Woodland Reserve is Whiteman Park’s leading conservation program, providing a world class breeding facility for rare and endangered fauna of the state, including the critically endangered woylie.
Encompassing over 200 hectares of natural banksia woodlands, Woodland Reserve is a specially designed, electrified predator-proof facility located to the north of the Park’s Village precinct.
The Reserve provides protection for those species deemed most vulnerable to decline, with an aim to recreate the bushland to that of pre-European settlement (pre-Swan River Colony) condition. The project is one of Whiteman Park’s major conservation initiatives, funded by the Western Australian Planning Commission, and is a protected sanctuary, free of introduced predators.
Our primary aim is to facilitate the translocation and breeding of a number of native species that are no longer found in the area, such as the critically endangered woylie, as well as those whose survival is threatened, such as the tiny honey possum.
This environmental icon allows visitors an opportunity to see scores of native animals at close range on one of our Nocturnal Woylie Walks, all within a 25-minute drive from the Perth CBD.
The initial introduction of eight woylies (Bettongia penicillata) and a number of quenda (Isoodon obesulus) in 2010 marked the beginning of this high calibre conservation program for Whiteman Park. Since then numbers of these two species have increased steadily.
The region is also home to a host of endemic species, including the short-beaked echidna, black-gloved wallaby, honey possum, microbats and scores of bird and reptile species.
Four species have now been reintroduced to Woodland Reserve:
• Woylie (Bettongia penicillata) – The brush-tailed bettong has declined dramatically in the wild and is listed as critically endangered. As the focus species of the conservation program at Woodland Reserve, the woylie has benefitted most from the protection of the reserve and can be seen by visitors foraging in the undergrowth on one of our Nocturnal Woylie Walks.
• Dibbler (Parantechinus apicalis) – Like its fellow small mammals, this small carnivourous marsupial is endangered in the wild due to habitat loss, fire and predation by introduced species.
• Tammar wallaby (Macropus eugenii derbianus) – Another species that has suffered a dramatic decline in the wild, the tammar wallaby is listed as ‘conservation dependant’ in Western Australia.
• Bush stone-curlew – Also known as a bush thick-knee (Burhinus grallarius), the bush-stone curlew was ranked as a ‘Near Threatened C’ Australian bird in 2010.
Planned reintroductions of plant and animal species which are presently extinct or in decline within the Reserve will provide a significant contribution to the protection and management of Australian biodiversity as a whole.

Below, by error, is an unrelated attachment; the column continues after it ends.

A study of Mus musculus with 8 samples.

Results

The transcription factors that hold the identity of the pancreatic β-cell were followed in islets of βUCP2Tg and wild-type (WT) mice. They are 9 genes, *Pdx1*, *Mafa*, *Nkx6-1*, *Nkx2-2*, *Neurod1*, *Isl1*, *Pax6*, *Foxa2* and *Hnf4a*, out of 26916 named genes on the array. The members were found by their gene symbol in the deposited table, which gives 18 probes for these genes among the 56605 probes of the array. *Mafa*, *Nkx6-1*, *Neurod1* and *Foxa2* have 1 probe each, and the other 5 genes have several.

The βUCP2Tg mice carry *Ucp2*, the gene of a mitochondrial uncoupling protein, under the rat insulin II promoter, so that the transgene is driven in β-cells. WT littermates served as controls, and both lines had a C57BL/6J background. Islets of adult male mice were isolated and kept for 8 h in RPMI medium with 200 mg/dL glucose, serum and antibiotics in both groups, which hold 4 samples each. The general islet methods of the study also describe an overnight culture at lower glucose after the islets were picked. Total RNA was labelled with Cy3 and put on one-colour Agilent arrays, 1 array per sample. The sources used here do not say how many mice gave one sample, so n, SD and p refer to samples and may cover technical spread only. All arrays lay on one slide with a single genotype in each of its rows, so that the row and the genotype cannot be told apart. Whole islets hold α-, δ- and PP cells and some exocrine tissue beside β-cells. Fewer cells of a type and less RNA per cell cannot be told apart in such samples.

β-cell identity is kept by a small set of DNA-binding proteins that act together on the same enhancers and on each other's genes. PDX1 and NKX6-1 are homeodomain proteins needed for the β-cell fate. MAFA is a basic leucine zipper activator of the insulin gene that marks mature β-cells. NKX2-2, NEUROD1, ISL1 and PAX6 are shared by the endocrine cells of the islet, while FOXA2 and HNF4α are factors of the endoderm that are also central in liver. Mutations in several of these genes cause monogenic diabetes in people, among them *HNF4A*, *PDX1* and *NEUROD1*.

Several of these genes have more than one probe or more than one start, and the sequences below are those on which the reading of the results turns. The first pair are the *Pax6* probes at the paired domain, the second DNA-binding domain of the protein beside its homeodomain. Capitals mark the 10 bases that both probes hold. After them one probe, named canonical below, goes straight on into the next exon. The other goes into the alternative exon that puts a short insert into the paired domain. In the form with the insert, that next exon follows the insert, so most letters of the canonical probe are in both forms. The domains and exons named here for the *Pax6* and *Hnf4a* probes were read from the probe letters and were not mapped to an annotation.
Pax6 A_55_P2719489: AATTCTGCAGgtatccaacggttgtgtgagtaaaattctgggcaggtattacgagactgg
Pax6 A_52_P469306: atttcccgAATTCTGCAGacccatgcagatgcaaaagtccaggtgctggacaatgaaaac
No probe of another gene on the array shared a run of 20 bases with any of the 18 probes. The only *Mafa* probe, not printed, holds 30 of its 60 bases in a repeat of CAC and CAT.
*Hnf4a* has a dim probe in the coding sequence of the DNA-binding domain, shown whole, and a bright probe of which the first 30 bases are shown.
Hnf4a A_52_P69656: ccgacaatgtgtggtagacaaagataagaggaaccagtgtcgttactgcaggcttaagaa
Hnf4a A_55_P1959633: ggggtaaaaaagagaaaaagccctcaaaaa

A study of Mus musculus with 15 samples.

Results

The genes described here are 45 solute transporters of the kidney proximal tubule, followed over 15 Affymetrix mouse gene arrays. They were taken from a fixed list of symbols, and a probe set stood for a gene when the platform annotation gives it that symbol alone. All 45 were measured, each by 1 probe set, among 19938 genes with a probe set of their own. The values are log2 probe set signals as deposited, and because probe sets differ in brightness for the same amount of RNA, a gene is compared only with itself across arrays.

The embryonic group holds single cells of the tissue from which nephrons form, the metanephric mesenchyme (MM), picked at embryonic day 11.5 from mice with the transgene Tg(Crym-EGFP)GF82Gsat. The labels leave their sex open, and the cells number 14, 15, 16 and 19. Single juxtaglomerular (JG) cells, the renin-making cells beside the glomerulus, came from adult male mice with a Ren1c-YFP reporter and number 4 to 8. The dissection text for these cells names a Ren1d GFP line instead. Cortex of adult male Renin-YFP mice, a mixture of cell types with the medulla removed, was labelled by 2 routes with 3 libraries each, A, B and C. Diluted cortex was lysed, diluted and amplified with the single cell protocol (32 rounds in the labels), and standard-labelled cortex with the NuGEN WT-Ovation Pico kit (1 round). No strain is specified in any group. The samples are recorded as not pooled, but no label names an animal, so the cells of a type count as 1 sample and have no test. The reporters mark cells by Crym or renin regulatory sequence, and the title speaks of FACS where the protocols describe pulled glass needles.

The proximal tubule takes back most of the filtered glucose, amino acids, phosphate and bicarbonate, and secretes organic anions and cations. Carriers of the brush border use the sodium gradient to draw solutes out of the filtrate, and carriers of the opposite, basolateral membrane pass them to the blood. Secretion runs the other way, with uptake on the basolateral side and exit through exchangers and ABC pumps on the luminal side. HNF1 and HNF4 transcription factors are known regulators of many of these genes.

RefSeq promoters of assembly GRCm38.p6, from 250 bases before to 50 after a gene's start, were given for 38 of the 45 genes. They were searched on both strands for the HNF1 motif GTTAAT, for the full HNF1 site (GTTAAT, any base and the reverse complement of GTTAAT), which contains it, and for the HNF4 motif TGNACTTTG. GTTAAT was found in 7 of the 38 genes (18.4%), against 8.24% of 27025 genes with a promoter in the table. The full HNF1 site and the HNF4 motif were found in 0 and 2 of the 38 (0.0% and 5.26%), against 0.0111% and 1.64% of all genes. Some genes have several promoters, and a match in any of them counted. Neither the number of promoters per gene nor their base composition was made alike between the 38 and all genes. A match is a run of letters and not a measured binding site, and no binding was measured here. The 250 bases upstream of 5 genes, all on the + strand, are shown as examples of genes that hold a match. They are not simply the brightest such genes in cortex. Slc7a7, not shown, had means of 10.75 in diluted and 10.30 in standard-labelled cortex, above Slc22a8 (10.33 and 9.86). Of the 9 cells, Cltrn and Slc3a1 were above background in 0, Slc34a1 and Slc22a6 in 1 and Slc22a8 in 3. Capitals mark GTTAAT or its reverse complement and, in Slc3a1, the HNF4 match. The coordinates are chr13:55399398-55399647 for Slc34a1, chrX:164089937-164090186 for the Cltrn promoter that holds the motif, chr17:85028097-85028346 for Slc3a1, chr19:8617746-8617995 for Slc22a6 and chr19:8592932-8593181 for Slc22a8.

The vision for Woodland Reserve is to create a ‘Swan Coastal Plain landscape containing the natural complement of biodiversity, to be sustained in perpetuity’.
Habitat protection is critical to retain and supporting wildlife communities. Woodland Reserve encompasses three habitat types of the Swan Coastal Plain: melaleuca damplands, banksia woodlands and vast open heathland.
Banksia species are an essential component of the habitat of the Reserve, as they supply nectar to a wide array of bird species as well as the unique honey possum population. Follicles of this species, in conjunction with fruits from hakea and eucalypts, also provide significant food sources for the threatened Carnaby’s black cockatoo (Calyptorhynchus latirostris).
A tour of the Woodland Reserve is like no other. If you’d like a chance to encounter the endangered woylie and observe their nocturnal behaviour, along with other unique native mammals, on one of our Nocturnal Woylie Walks, check out What’s On for upcoming tour dates.
In addition to the habitat protection and species renewal, Woodland Reserve is important for its role in promoting awareness of the plight of our native mammals.
It allows the wider community the opportunity to appreciate the importance of regional biodiversity, offering a precinct in which visitors can enjoy and learn of the ecology of the banksia woodland habitat. Its proximity to the Whiteman Park Village makes the Reserve easily accessible for young and old, allowing all family members to experience the woodland wonderland.
Whiteman Park also has a dedicated group of volunteers who help us maintain and improve the Reserve. Find out more about our volunteer program in the Volunteering section of our website, call (08) 9209 6000 and ask to speak to our Volunteer Coordinator, or complete the application form below.